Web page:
In recent years, groups like the Freedom from Religion Foundation have enjoyed significant success in efforts to remove what they consider to be “religious displays” from public buildings in our country. However, in certain parts of Europe, the winds are blowing in the opposite direction. One example of this is in Bavaria (western Germany), where crosses are being not removed, but put up in government buildings.
This order to display the most sacred of Christian symbols disturbed Cardinal Reinhard Marx, president of the German Bishops’ Conference. He criticized the order to display crosses as “an act of cynical political manipulation that has caused division, unrest, and is pitting people against each other.” However, most people in the region, including church leaders, take a very different view. In an interview with Bavarian radio, Cardinal Gerhard Muller said that he supported the move because, “I prefer politicians who hang up crosses to those who take them down.”
Yet does displaying a cross in a public building really benefit either a society or individuals? Seeing a cross certainly doesn’t automatically make someone kinder or more Godly. People wearing crosses around their necks are capable of saying very nasty things and can even commit horrible crimes. Putting up a cross in a City Hall does not guarantee that a community will be more virtuous or civil. However, I also prefer politicians who hang up crosses to those who take them down. One “non-religious” reason for this is that displaying crosses may serve an important, but often neglected, educational purpose.
In recent years, it seems more and more people are unaware of the essential role played by Christianity in forming the Western Civilization that has shaped life in Europe and North America for over 1500 years. No, the impact of Christians on society has not always been positive. Sometimes parts of the Church allowed themselves to be corrupted by the surrounding culture. Various conflicts and wars seemed to pit one faction of the Church against another. Yet it is important to realize that the institutions and values that characterize our society did not develop in a vacuum. Liberal democracy, constitutional government, human rights, racial equality, and compassion for the poor are concepts cultivated and nourished by Christianity. Many grammar schools, universities, hospitals, orphanages, and relief agencies owe their existence to individual Christians or churches. A world without Christianity would have been and would be a much darker place. If seeing a cross helps people remember this often forgotten truth, it seems a good thing that this symbol is displayed.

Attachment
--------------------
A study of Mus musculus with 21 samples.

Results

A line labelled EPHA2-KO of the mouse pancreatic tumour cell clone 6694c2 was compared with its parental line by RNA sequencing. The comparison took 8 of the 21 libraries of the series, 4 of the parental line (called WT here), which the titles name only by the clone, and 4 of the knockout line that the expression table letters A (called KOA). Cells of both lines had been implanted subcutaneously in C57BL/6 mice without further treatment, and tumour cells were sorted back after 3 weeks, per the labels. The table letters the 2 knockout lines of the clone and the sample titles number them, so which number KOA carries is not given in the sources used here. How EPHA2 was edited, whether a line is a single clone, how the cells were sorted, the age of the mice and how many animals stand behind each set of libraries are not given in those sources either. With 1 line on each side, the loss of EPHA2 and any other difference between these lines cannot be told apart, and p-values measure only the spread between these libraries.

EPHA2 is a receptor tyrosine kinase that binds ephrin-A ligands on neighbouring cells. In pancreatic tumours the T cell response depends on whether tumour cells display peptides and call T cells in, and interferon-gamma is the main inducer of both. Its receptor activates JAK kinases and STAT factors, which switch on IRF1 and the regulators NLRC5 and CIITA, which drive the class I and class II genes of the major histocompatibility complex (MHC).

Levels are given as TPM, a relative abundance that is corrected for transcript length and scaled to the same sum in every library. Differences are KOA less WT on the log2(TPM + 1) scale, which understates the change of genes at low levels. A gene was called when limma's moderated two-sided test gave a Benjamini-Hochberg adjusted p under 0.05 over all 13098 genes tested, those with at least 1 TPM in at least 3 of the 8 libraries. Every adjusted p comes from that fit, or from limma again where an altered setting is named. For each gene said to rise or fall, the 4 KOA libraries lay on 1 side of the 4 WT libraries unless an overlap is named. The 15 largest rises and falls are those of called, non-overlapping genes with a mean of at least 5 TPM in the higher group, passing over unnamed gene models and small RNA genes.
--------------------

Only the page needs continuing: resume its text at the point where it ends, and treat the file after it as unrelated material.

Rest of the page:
In Bavaria, a joint statement by Protestant and Roman Catholic leaders reads, “The display of the cross is a necessary comment on the sacred source of all authority. A liberal-democratic society lives on prerequisites and builds on foundations that it itself cannot guarantee… Establishing human rights without contradiction is hardly possible without recourse to the reality of God, as a glance at states with other spiritual traditions shows.”
Friends, whenever I see a cross, I am reminded of the great eternal salvation Jesus has accomplished through His death and resurrection. The symbol points to God’s grace and love, declaring that even though we were still sinners, Christ died for us (Romans 5:8). The cross is also a reminder of the very positive impact the Lord Jesus has had on His followers and that these followers have had on this world. May those things come to your mind the next time you see a cross, wherever that might be.